What is Aesthetics in Film

What is Aesthetics in Film?

If you’ve ever taken a course on film analysis or studied the art of filmmaking, you’ve almost certainly heard to term aesthetics before. Aesthetics is frequently mentioned in the analysis of film and cinema. But what is aesthetics in film? As we define film aesthetics and the impact that a film’s aesthetics can have on the creation of characters, narrative and theme. We also take a look at the fundamentals of subject, and style, in regards to film.

What is Aesthetics in Film?

Aesthetics, which can be pronounced “Eh-steh-tics,” is a big and fancy word that is used to describe a complex topic. Aesthetics is the philosophy of art.

Thus, aesthetics in film is the study of film art and the role that various aesthetic perspectives have in the development of film as an art form.

Perhaps you’ve heard someone say, “the film has great visual aesthetics”. But you didn’t know exactly what they meant? You smiled, and nodded. Because that’s what we do when someone says something fancy that we don’t understand. But, what DID they mean?

They meant that they were visually satisfying with the following aesthetic elements on the film:

  • Color
  • Shape
  • Pattern
  • Lines
  • Texture
  • Balance
  • Scale
  • Proximity
  • Movement

Aesthetics in film is essentially the study of film design, as an art form. Thus just like other forms of design and art have visual appeal in the various elements listed above, so too does a film.

Many of the same elements of art aesthetics that we understand in relation to a painting or a sculpture, can be analyzed and reflected upon in film.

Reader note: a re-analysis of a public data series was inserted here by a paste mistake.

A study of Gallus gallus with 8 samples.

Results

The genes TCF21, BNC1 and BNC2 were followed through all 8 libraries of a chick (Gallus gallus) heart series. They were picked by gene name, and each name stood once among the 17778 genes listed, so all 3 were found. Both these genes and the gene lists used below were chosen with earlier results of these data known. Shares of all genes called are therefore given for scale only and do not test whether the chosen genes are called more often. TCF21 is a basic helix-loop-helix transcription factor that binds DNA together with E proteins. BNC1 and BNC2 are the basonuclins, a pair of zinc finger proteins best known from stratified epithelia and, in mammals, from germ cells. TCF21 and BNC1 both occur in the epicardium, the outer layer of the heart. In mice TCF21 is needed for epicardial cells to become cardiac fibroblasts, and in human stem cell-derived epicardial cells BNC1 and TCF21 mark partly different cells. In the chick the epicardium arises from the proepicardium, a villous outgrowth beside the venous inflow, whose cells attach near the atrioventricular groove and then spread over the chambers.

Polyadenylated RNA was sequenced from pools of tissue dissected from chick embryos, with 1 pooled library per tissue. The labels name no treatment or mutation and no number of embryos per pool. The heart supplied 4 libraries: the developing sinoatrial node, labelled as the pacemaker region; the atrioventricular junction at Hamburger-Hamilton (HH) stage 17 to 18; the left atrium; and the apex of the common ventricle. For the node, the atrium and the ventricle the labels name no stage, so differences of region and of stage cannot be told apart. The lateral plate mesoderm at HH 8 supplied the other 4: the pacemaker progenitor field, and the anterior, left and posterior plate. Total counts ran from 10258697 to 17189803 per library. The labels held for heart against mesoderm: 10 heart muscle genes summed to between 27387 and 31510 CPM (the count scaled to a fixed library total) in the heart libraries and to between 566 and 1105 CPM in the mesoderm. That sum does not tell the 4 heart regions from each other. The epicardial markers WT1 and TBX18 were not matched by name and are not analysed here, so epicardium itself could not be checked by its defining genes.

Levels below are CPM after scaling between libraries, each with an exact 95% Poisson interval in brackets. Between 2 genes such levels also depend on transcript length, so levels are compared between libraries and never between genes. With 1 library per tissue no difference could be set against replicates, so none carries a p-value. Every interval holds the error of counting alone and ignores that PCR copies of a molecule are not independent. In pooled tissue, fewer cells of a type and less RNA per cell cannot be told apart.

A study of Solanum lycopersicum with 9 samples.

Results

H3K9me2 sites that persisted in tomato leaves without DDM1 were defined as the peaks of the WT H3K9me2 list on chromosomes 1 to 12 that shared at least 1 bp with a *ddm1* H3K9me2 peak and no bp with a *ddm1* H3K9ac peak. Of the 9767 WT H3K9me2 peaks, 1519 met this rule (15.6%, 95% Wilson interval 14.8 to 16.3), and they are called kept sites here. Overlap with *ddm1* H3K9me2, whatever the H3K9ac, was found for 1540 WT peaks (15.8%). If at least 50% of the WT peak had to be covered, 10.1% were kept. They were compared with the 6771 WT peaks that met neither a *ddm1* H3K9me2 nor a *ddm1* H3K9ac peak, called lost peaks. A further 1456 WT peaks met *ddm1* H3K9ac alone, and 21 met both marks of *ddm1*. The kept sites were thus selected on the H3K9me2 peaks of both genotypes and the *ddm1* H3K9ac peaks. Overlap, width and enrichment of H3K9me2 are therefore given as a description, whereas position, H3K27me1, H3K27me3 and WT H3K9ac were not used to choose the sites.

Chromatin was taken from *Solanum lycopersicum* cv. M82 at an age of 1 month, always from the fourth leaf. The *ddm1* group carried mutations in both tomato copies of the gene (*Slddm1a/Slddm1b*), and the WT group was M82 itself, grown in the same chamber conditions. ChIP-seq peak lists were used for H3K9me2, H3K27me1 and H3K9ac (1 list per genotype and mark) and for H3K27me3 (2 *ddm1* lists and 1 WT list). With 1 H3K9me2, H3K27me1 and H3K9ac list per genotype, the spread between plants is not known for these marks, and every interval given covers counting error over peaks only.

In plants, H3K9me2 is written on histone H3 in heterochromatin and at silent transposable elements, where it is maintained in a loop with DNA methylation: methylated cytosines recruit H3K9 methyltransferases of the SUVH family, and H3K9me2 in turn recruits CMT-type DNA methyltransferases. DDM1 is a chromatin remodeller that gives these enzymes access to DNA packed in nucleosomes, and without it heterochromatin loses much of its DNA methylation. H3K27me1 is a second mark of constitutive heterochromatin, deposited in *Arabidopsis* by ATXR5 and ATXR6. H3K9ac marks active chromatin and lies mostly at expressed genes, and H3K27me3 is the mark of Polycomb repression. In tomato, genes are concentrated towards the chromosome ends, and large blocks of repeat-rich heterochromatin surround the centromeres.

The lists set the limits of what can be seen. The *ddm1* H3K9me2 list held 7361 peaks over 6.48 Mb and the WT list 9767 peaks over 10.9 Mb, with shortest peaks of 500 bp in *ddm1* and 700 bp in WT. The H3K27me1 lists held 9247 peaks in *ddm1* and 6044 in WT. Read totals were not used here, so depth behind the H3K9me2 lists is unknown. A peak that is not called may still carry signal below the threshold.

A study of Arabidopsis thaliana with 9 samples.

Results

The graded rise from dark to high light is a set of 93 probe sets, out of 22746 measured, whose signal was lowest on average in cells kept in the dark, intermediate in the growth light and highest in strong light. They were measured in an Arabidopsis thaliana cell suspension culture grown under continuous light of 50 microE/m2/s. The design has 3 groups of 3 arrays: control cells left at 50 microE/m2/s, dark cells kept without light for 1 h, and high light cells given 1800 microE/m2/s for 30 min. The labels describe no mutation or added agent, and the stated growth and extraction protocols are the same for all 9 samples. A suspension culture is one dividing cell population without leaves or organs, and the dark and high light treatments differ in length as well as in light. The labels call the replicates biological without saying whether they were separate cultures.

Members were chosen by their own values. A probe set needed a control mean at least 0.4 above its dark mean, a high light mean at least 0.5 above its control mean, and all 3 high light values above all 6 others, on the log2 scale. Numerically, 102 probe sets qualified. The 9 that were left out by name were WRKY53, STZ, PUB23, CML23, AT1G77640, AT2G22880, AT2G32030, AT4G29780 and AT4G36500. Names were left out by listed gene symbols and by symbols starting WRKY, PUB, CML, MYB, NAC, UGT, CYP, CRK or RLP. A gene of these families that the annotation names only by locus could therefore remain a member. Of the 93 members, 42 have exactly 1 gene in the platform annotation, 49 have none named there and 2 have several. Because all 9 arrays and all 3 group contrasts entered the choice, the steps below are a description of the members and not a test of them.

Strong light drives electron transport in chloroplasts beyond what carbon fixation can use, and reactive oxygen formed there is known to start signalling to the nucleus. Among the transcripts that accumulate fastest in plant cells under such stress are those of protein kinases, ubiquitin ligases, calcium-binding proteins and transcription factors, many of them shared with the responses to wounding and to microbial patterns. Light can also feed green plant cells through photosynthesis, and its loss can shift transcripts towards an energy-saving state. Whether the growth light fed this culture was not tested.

Why are Aesthetics Important in Filmmaking?

Aesthetics in film are important for a variety of reasons, just as aesthetics is evident in other forms of art and creative elements. Filmmakers incorporate various aesthetics in defining the style, subject and tone of the film.

For example, a filmmaker might eliminate color, opting instead for black and white film, in order to portray a bleak, hopeless style that closely aligns with the subject of his or her story.

Similarly, this same filmmaker may employ similar aesthetics in the lighting, patterns, and proximity that are used in the film to further build upon the visual representation of the film’s dark, and hopeless theme. 

An Art Medium

When we look to answer the question, “What is aesthetics in film?” It is most important to note that aesthetics represents the study of film as an art medium and that the aesthetics of film are dominated by realism.

We see realism dominating aesthetics of film in the method of production, style, and effect. Applying aesthetics to film, then, combines disciplines of studying specific qualities in filmmaking specifically, “What efforts did the filmmaker put into the creation of the film, and why?”

Disciplines in Film Aesthetics 

Film aesthetics covers a number of disciplines from cinematography to sound recording, from makeup to costume design.

Various aesthetics involved in each of these can range from camera movements, lighting, placement, and colors to digital special effects, presentation, set design, or hair and makeup components.

The elements that go into the production of a film or video can be incredibly complex. Yet they all come together as a result of the aesthetic understanding of the director.

A Careful Decision

Considerations are made throughout the production of a film as to the placement, tone, design. And underlying aesthetics of nearly every single element that is seen on the screen.

As well as many elements that are not inherently visible but which impact the overall composition of the final film.

So, when you consider answering the question, “What is aesthetics in film?” think about all of the different techniques and tactics that are used in filmmaking.

From camera operation to lighting, from sound design to presentation, and how even just changing a single element, such as taking a shot from a different angle, adjusting a character’s costume, or eliminating a particular sound can change the entire outcome of the project — that’s how aesthetics in film are represented.